8 reasons you should dive into Final Fantasy XIV: A Realm Reborn
Final Fantasy XIV: A Realm Reborn kicked off its Early Access weekend on Saturday. For those still on the fence about Square Enix's latest MMO offering, I'm here to hopefully make your decision a little bit easier.
The game has been reworked from the ground up, so if you're worried that you'll be experiencing the terror that was Final Fantasy XIV when it first launched in 2010, I'm here to alleviate that fear.
Combat is fun again
Combat in Final Fantasy XIV was boring, slow, and overall terrible. It took forever for your character to take out their weapon, then put it back after battle. Not to mention each attack took painfully long to execute, making battles against even the smallest of enemies take longer than they should.
That is no longer the case in A Realm Reborn. Combat is fast, skills execute rapidly, and you're usually moving around a lot thanks to some much smarter enemy AI. The game also encourages you to be on the move through various enemy area attacks, which are marked on the ground in red.
Playing solo is a viable option
Final Fantasy XI was notorious for forcing players to group up into parties. I remember I could barely take down a mob of overgrown sheep without losing most of my HP. Square Enix heard the frustrated cries of lone-wolf players and has made A Realm Reborn mostly solo-able.
And even though soloing is allowed, Square has added some incentives to have people group up, such as offering devastating Limit Breaks, or allowing players to amass Chains of kills, yielding extra XP for each subsequent kill until the timer runs out.
Inspiration from past Final Fantasy titles
One sad thing about Final Fantasy XI -- and even vanilla Final Fantasy XIV to some extent -- is that besides the Moogles and Chocobos, the games certainly didn't feel like Final Fantasy. A Realm Reborn certainly changes that.
Sure, you have still have the specialized Job system with iconic classes like Black Mage, Summoner, and Bard, but ARR draws inspiration from past Final Fantasy titles and works them into the story. From Final Fantasy VII, players can craft and forge Materia into weapons and armor and even use Limit Breaks when grouped in a party. Final Fantasy VI's Magitek armor makes its MMO debut as a rideable mount. The Crystal Tower from Final Fantasy III will also be making its way to XIV as a dungeon. Even Lightning, the heroine of Final Fantasy XIII, makes an appearance as a guest character in one of the public quests.
Square Enix certainly wasn't shy about including elements that fans not only recognized, but could relate to, and that's definitely a plus in my book.
Multi-classing done right
After reaching a specific point in your quest line -- around level 10 -- you're able to join other guilds that grant you access to their respective classes. Switching your class is as easy as switching your weapon, though be warned, you are basically starting back from level 1 whenever you take advantage of this.
This is actually a pretty genius system that constantly allows players to continue to advance. Not to mention, specialized classes, or Jobs, require a base class of level 30, and a secondary of at least level 15.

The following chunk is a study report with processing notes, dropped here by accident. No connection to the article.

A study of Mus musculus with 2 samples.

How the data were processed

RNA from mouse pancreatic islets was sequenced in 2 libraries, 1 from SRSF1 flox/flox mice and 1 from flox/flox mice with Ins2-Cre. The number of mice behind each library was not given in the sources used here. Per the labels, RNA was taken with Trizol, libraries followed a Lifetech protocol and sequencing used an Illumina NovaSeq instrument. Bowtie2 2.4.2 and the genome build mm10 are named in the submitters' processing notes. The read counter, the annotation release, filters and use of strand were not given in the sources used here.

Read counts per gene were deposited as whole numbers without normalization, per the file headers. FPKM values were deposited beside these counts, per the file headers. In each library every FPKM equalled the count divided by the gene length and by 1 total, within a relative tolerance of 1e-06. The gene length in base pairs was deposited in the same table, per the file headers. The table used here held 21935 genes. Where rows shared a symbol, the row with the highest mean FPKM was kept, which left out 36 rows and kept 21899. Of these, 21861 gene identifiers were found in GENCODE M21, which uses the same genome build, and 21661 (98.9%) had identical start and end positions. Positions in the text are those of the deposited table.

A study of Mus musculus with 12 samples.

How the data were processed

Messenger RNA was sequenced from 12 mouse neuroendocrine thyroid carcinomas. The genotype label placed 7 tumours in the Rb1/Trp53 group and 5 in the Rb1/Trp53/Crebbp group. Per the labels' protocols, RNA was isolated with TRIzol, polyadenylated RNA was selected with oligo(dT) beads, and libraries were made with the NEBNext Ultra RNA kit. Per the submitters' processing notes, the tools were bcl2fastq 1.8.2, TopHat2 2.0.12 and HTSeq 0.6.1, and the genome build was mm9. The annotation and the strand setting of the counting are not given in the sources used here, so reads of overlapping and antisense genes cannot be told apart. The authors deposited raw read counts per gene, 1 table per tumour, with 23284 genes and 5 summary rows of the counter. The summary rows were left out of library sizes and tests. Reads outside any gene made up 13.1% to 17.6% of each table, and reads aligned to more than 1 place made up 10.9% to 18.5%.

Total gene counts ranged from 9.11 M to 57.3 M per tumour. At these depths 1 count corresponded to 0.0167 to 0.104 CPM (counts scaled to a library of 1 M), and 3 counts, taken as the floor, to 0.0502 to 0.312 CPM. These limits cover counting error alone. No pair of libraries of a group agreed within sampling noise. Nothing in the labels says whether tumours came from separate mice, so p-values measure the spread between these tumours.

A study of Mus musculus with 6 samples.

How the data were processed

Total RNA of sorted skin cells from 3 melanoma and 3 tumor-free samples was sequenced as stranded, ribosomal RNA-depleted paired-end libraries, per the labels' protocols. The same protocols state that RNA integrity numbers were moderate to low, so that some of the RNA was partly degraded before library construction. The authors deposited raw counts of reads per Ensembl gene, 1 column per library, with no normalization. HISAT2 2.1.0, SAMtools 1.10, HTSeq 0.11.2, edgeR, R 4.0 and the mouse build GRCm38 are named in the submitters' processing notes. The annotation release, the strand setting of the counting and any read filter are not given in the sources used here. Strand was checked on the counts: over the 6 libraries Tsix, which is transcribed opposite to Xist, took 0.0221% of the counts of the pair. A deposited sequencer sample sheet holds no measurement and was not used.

The classes that have to start from level 1 even get an EXP boost (based on the discrepancy between the level of your current class and the level of your highest class), making the advancement of those classes a little more bearable.
Crafting is a worthy and fulfilling time investment
Don't think of crafting as a side activity anymore. Crafting takes a life of its own in ARR. Much like switching classes, each crafting and gathering profession is essentially another class of its own. That's right, there are 50 levels to acquire as a Fisherman, and that's awesome.
While it may sound tedious at first, it really opens up the game for those that don't want to only invest time in questing and farming kills. One of the great things in Star Wars Galaxies was that you could live out your online life as an Entertainer. You didn't necessarily have to go and kill Bothan Spies in order to get a full enjoyment out of that class. ARR works in a similar fashion. While yes, you will still primarily have to quest and murder various forms of wildlife, you can take the time out of your busy adventuring day to whip out that fishing rod and travel the world in search of the best fish.
Gorgeous next-gen graphics
Outside of trailers and some demos at E3, I haven't really seen the true power of next-gen visuals first-hand. However, I'd like to think that ARR comes damn close. There are times when I'll be running through the forest of Gridania and just stop and stare at the amazing environments. Especially when it's sunny and the light shines through the trees, hitting your character at just the right angle.
I think I'd go on record saying that this is the best looking MMO I've ever played. If you have a good PC, or hell, even if you're planning on playing it on the PS3, just remember to occasionally stop and glare at the ridiculously gorgeous graphics.
Play with friends, no matter the platform
If Final Fantasy XI did something right, it was allowing PC players and Xbox 360 players to play alongside each other on cross-platform servers. This holds true for A Realm Reborn as well. PC and PS3 players can play together (I can personally confirm this) and eventually PS4 players will be added to this ecosystem as well.
It's only $29.99
Sure, A Realm Reborn is technically a reworking of a 2010 game that cost full retail price back then, but the asking price of $30 is the sweet spot that will not only make Final Fantasy fans happy, but entice those that might just be looking to try out a new MMO. A Realm Reborn does have a subscription fee, but given what I've already experienced in the game, I'm starting to see justification for this.